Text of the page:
These Women Had The Perfect Response For Vandals Who Destroyed Their Mural [NSFW]

Photo: Courtesy of Moriviví.
This mural was defaced over the weekend. Now, women who support its message are fighting back.
Women in Puerto Rico are taking a bold stand against the vandalism of a mural intended to call attention to the issue of violence against women.

Vandals struck the mural on Sunday, using white paint to add bras and underpants to the naked female figures depicted in the scene along Avenida Fernandez Juncos in San Juan.

On Wednesday, dozens of women gathered in front of the mural and bared their own breasts to protest that act of censorship, according to a Telemundo station in Puerto Rico.

Dozens of women posed topless to express support for the mural and its message.
"The bodies of women are used to sell products, to sell cars, to sell clothes, to sell all sorts of things, but at the same time, truthfully, we are not considered the owners of our own bodies," Marelis Pagán, of the Matria (or Motherland) project, told the station in Spanish. "The fact that they have been vandalized in such a hypocritical and prudish way, covering up the breasts and the pelvis, moved us to protest as an act to take back the right to our own bodies."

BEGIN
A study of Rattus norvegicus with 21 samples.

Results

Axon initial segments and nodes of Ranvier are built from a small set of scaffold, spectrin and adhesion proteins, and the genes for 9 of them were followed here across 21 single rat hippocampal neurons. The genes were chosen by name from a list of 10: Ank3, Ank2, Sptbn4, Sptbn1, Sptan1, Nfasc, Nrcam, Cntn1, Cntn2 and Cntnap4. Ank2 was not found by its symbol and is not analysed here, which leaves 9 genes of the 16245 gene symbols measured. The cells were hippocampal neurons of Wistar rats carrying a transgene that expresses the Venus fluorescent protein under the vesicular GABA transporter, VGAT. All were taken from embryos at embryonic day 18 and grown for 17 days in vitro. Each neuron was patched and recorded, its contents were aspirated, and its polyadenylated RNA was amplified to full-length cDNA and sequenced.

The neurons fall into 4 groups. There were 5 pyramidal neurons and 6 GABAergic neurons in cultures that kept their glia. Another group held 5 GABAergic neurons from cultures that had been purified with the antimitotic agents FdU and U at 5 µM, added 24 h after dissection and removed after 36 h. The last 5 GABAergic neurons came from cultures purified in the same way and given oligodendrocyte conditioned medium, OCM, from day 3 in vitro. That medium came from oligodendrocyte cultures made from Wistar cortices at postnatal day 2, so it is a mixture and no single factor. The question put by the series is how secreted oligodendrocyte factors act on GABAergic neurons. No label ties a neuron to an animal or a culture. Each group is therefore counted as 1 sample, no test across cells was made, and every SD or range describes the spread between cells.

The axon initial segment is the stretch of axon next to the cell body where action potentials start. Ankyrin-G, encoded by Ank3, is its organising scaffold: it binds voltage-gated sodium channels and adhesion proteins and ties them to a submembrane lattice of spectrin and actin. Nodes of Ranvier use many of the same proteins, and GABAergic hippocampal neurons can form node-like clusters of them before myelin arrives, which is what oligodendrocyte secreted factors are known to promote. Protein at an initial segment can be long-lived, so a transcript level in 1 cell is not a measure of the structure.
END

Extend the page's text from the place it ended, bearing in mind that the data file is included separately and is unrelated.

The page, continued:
The Paz Para La Mujer (Peace for Women) organization helped create the mural about a year ago. On Wednesday, members of the group wrote in a Facebook post that while street artists can always expect vandalism, the act "hurts more than expected." But they said that whoever covered up the naked bodies actually helped activists in their effort to expose the issue of violence against women.

"The people who vandalized us have done us a favor with the media, carrying our message and awakening activism," the group wrote in Spanish on its page, where it posted several photos of the mural's creation.

Puerto Rico isn't the only place where women are using street art to fight back against domestic violence. In Brazil, where an estimated 15 women are killed per day simply because of their gender, groups such as Rede Nami are using graffiti to generate awareness and discussion of the issue.